With the departure of artistic director Kate Warner earlier this year, the playhouse finds itself at a turning point

In improv theater, the performers can become anything, from rugrats to codgers, from inanimate objects to washed-up celebrities. One thing they cannot do, though, is turn back the hands of time. Scott Warren, an actor and improviser at Dad’s Garage Theatre since 1999, recently noticed the years catching up to him.  

“In improv, it’s common to pick people up during scenes: ‘Look, this person’s flying!’ When we were performing a few weeks ago, I was playing a tree, and ‘the creatures of the forest’ climbed on me. At the time, I thought, ‘Look at me! I’m strong enough to support two improvisers!’  

“Then afterwards it caught up with me. I’ve been walking with a limp for the past two or three weeks. Tons of times, I’ll be onstage and forget that I’m a 36-year-old, out-of-shape nerd. Any time there’s any kind of dance choreography, my first response is 'Uhhh….'”

The demands of age and grown-up responsibility take a toll not just on Warren, but on most of the Inman Park playhouse’s long-standing core group of improvisers, staffers and other theater artists. “We’re kind of a collection of young adults in our mid-30s," says Warren. "Six or seven of us have babies, including [actor/playwright] Travis Sharp, who’s part of the Dad’s extended family. Almost half the ensemble has kids, and there are several married people and three divorced people.”

In one sign of the times, he adds, “A few years ago, before improv shows, everybody would be drinking beer. Now, before improv, everybody’s drinking energy drinks.”

An aging ensemble poses a potential challenge for a popular theater that’s been virtually synonymous with youth since its inception in 1995. Former artistic director Kate Warner says, “Dad’s is skewed toward younger audiences because of the programming, schedule and mostly the culture.”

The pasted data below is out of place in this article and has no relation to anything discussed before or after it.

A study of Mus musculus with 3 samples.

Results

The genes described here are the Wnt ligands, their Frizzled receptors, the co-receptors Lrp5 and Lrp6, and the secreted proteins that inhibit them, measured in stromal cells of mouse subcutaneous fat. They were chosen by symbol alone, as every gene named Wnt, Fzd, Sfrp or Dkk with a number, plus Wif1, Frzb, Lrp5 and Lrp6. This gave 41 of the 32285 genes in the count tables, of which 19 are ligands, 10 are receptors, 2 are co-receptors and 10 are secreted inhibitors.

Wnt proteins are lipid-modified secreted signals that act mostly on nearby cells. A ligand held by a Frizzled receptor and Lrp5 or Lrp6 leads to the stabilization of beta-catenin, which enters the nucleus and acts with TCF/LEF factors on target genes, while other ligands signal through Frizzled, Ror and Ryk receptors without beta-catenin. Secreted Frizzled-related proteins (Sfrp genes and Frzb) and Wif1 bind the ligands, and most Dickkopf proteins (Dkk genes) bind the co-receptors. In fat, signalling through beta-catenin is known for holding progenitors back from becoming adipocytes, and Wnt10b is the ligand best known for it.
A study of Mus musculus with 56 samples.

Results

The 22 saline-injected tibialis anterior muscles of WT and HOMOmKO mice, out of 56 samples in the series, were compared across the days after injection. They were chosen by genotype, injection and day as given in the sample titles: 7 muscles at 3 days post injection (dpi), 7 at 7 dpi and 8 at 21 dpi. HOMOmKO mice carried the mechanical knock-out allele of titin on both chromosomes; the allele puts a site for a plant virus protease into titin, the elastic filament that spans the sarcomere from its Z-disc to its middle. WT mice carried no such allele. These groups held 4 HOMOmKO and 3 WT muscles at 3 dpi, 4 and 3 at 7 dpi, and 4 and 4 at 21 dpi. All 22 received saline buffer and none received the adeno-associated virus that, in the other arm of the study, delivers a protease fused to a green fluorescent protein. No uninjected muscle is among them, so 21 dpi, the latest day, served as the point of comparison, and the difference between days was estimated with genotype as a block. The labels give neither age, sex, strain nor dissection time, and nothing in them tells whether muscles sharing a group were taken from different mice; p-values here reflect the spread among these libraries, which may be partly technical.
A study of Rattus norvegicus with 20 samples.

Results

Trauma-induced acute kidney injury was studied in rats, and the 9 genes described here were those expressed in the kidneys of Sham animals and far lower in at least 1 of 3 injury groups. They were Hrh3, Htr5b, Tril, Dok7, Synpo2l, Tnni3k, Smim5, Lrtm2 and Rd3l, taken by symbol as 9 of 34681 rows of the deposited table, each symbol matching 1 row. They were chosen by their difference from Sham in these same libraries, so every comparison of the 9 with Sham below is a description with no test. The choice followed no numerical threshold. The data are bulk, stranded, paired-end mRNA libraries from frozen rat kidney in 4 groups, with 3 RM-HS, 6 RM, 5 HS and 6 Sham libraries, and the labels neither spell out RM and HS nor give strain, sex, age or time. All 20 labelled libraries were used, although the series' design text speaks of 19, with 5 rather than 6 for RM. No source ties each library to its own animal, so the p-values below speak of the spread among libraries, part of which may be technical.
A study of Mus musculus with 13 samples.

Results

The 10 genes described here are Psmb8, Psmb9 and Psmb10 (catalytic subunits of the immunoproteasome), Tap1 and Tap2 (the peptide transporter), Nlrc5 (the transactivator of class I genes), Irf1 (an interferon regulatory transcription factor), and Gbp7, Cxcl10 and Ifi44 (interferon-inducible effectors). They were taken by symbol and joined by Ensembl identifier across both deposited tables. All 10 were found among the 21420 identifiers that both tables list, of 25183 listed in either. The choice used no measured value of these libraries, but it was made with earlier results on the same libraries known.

According to one of the theater’s surveys, as of June 2009, 60 percent of Dad’s audience is under age 35. The rowdy ticket-buyers don’t always have the same frame of reference as the older players. Longtime performer Matt “Lucky” Yates, 41, whom Warren calls “the face of Dad’s Garage,” acknowledges that “[Co-founder] Chris Blair and I are notorious for dropping ’70s pop culture references that will flop so flat. With an older audience, you can get a home run dropping a Supertramp reference.”  

Knowing who’ll laugh at an improvised Japanese game show, and which audiences will appreciate a live restaging of a “Six Million Dollar Man” episode marks simply one of theaters’ adjustments. Dad’s Garage’s current transitions include its second search for an artistic director in five years while its older members walk a line between clinging to youth, putting away their childish things or finding new definitions for “adulthood.”

 
In 1995, six Florida State University graduates, plus a couple of friends from other colleges, descended on Atlanta and founded Dad’s Garage. Occupying the former home of Actor’s Express, the playhouse quickly built a reputation for energetic if scruffy stage plays, including such high-profile productions as the world premiere of O Happy Day! by the late Graham Chapman of “Monty Python’s Flying Circus.” As an improv theater, Dad’s emphasized not just the games familiar from “Who’s Line Is it Anyway?” but longer forms like the improvised soap opera “Scandal!” and irreverent features like “The Lucky Yates Show.”

Nearly a decade and a half later, most of Dad’s founders have moved on, although Blair and George Faughnan are still mainstays of the company, and Matt Stanton, though no longer an ensemble member, still performs with the troupe. Co-founder and artistic director Sean Daniels left the theater in 2004 to take a job with San Francisco’s California Shakespeare Theatre. He currently serves as associate artistic director of Actor’s Theatre of Louisville. At the time of his departure, he envisioned Dad’s as a theater by and for young people.

“When I left, I had thought that I didn’t want the organization to mature with the artists — that someone in their 20s should take over, announce that my ideas were full of shit and reinvent the place,” says Daniels, now 36. To drop an obscure 1970s reference, it sounds sort of like Logan’s Run, the cheesy 1976 sci-fi flick about a futuristic city controlled by computers that keep the population under 30 years old.

Rather than restrict the theater to the control of twentysomethings, Dad’s Garage chose Kate Warner as Daniels’ replacement, at once an example of promoting from within (since she was a longtime artistic associate) and bringing in an outsider (since she had no improv background). Warner put the theater on firmer financial footing and cultivated new plays by the likes of Steve Yockey and Lauren Gunderson.  

Warner found it hard to keep up the pace of the Dad’s Garage lifestyle. People deeply involved in any theater can face long hours and late nights of meetings, set constructions, rehearsals, opening nights, and bull sessions at the bar afterward. The Dad’s culture can be even more demanding, with late-night improv 52 weeks of the year.